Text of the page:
The independent review of Special Religious Education (SRE) recently released by the NSW Government has provided strong evidence that highlights the incredible contribution made by parish catechists (SRE teachers) to the religious education of young people in public schools.
On 30 May 2017, representatives from most major providers of SRE across all faiths gathered at NSW Parliament House with the Education Minister Rob Stokes, Shadow Minister Jihad Dib, and other members of parliament, to be presented with a summary of findings by one of Australia’s leading research agencies, McCrindle, into the NSW Government’s independent review of SRE.
Most striking amongst the research presented by Ms Eliane Miles of McCrindle was the levels of satisfaction regarding SRE from schools and parents. The research presented showed that of the 780,600 students that attend the 2,152 government schools in NSW – with SRE taught in 87% of these schools – 84% of parents are satisfied or mostly satisfied with their student’s learning experiences in SRE.
Some of the other results were also just as encouraging and in stark contradiction to the now discredited criticisms of SRE by a small – but vocal – minority who have been aided in their criticism by unfair and unbalanced reporting in the mainstream media. Some of the other results include:
- 96% of principals agree or mostly agree that their school has a good working relationship with SRE providers
- 95% of SRE teachers utilise authorised materials and workbooks
- Between 80-90% of SRE providers have essential training elements in hand, with 91% receiving yearly training updates
- 92% of parents agree or mostly agree that they understand their right to withdraw their child from SRE
The Review highlighted how SRE contributes to students’ understanding of their cultural heritage and is an avenue for their spiritual care. Further, it noted that the work of SRE teachers builds tolerance in schools, promotes multiculturalism, contributes to a well-rounded education, and connects schools with their local community.
In addressing the gathering, Mr Stokes, said, “It is wonderful that we have in our schools an understanding that humans are made up of three parts, mind, body and spirit, and we need to provide sustenance to each part of what makes us fully human. SRE has a very important role to fulfil in our schools.”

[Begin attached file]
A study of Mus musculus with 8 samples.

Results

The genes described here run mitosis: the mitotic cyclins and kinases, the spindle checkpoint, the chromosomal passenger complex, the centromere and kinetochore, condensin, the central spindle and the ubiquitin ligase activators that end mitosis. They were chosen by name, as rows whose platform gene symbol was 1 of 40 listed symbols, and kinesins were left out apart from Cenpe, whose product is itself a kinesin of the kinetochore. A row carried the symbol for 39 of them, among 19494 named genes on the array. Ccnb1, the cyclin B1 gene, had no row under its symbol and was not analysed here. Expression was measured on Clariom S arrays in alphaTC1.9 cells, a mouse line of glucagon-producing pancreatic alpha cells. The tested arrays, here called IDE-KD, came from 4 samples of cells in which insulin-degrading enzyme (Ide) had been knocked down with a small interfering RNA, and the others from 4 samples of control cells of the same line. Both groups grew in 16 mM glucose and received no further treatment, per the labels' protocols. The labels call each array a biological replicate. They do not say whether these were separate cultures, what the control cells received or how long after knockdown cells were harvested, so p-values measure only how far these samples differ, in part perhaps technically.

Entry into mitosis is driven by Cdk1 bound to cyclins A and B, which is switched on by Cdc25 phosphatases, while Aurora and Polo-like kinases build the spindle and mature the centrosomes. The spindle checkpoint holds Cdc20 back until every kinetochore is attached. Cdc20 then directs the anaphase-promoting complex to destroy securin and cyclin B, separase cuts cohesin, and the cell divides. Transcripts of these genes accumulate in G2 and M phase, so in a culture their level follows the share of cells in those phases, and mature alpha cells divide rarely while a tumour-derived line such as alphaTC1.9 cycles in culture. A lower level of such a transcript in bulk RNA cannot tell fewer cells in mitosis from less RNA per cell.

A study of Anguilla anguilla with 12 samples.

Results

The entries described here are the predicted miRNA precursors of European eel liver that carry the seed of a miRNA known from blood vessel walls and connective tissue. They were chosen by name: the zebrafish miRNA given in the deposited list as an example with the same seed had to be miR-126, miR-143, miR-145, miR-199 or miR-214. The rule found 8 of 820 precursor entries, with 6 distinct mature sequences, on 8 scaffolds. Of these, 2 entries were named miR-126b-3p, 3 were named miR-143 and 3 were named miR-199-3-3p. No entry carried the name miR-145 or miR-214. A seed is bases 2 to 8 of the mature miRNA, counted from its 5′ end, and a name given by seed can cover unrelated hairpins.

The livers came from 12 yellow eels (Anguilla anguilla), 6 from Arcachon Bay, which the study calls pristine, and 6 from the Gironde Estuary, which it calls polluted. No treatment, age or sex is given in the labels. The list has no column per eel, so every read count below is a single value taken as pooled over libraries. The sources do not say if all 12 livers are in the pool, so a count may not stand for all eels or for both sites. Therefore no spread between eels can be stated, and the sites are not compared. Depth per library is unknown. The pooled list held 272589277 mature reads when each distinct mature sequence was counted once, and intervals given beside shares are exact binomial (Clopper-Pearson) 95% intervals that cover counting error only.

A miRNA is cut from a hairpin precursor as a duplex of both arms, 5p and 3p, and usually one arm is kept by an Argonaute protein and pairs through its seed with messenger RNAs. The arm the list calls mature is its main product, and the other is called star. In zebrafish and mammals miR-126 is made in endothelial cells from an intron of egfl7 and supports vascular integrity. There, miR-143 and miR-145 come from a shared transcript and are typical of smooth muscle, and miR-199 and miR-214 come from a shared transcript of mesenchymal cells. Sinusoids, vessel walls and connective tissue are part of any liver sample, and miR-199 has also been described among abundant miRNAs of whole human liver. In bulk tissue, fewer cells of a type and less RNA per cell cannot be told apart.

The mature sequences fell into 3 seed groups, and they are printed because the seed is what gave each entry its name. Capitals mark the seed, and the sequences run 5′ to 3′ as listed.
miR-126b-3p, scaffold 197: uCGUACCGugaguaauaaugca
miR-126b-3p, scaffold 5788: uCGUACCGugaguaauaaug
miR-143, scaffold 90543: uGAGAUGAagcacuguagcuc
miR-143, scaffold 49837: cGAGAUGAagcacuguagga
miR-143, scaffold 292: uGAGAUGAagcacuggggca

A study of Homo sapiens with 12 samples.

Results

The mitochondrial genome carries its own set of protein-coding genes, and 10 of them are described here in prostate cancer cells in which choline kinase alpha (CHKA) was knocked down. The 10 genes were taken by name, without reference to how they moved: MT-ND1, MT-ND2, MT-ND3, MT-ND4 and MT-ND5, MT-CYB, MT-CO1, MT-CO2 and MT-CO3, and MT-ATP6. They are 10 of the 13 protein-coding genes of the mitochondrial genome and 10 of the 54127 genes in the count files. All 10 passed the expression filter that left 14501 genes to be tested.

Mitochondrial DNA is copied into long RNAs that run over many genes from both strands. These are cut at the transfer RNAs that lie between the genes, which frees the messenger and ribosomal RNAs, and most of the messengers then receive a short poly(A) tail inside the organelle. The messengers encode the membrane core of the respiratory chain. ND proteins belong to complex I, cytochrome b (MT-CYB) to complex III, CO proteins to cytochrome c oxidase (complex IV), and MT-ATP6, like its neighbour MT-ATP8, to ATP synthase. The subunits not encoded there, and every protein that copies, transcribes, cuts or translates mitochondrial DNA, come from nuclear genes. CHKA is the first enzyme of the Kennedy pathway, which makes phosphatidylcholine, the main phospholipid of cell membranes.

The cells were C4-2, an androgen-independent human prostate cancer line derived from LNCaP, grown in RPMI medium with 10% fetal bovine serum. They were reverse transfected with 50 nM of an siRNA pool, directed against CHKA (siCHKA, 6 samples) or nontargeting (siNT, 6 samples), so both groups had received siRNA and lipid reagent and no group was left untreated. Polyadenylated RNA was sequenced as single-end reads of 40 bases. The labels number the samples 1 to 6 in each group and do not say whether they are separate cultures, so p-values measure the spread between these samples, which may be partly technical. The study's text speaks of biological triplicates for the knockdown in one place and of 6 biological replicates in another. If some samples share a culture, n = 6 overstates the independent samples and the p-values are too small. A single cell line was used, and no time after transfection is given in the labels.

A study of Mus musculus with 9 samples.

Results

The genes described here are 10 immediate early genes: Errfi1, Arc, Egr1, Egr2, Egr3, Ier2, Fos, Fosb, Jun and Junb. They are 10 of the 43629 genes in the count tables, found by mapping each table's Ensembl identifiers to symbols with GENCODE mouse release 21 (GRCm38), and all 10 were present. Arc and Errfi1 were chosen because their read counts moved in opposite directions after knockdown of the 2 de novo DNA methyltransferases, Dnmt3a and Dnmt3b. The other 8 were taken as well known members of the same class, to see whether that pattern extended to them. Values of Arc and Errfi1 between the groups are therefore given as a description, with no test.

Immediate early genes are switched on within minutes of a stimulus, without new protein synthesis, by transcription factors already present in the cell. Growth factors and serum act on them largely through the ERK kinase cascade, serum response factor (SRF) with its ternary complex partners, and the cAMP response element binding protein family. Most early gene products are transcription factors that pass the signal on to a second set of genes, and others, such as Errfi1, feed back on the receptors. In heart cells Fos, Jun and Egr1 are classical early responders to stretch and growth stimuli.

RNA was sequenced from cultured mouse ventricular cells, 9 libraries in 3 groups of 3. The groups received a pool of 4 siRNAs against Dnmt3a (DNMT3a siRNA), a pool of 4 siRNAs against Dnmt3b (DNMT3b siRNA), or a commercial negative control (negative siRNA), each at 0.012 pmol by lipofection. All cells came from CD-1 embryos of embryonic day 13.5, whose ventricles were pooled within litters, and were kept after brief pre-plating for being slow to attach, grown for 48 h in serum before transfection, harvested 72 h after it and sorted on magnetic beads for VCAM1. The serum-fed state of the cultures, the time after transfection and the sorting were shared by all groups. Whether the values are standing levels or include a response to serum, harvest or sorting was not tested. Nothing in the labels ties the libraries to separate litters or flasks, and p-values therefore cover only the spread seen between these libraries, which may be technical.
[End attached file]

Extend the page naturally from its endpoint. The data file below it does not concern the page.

Mr Stokes went on to say on behalf of the NSW Government, “I am truly grateful for all that you do … who knows how many lives have been impacted and changed for the better by the work they [SRE teachers] have done.”
Mr Dib expressed strong bipartisan support for the value of SRE. Mr Dib said, “[The review] was not at any point in time thinking how to do away with it, but rather, how we actually improve it.” In thanking SRE teachers and providers, Mr Dib went on to articulate the importance of ensuring, “Every single student should have an opportunity – for at least one hour in a week – to reflect about the person that they are and the way that they can actually better themselves.”
In NSW, there are 5,000 Catholic parish catechists who see around one in five students in NSW public schools. Representing the Catholic Church as the largest single provider of SRE in NSW, Bishop Peter Ingham from the Diocese of Wollongong gave a vote of thanks to Mr Stokes, Mr Dib, host Mr Paul Green from the Christian Democratic Party, and all MP’s who attended, on behalf of all major providers across all faiths.
“For providers of SRE, there is much to celebrate in the findings of the Review and it will prove enormously helpful in highlighting areas that might need to be strengthened and improved so as to make Special Religious Education even better,” Bishop Ingham said.
SRE providers have eagerly awaited the findings of the independent review into SRE. All major faiths keenly cooperated in the review process, quietly confident that it would show how serious providers take SRE, evident in the resources they pour into developing curriculums, resources and training. In particular, Bishop Ingham noted how, “Most major providers already have the key recommendations in hand,” including ease of public access to curriculum outlines and training in effective teaching practices.
Bishop Ingham also explained how the major faiths – including the Christian denominations – had effectively pre-empted the results of the review with the establishment in 2016 of a multi-faith group for SRE to “support all faiths through resource sharing of such things as policy and process documents, teacher training, curriculum development, and support”.
Bishop Ingham concluded the evening, noting that the existence of SRE in NSW was indicative of “a mature and inclusive education system” and thanked everyone “for their support of choice for parents, and for their trust of all major religious traditions to deliver increasingly high quality faith formation for young people”.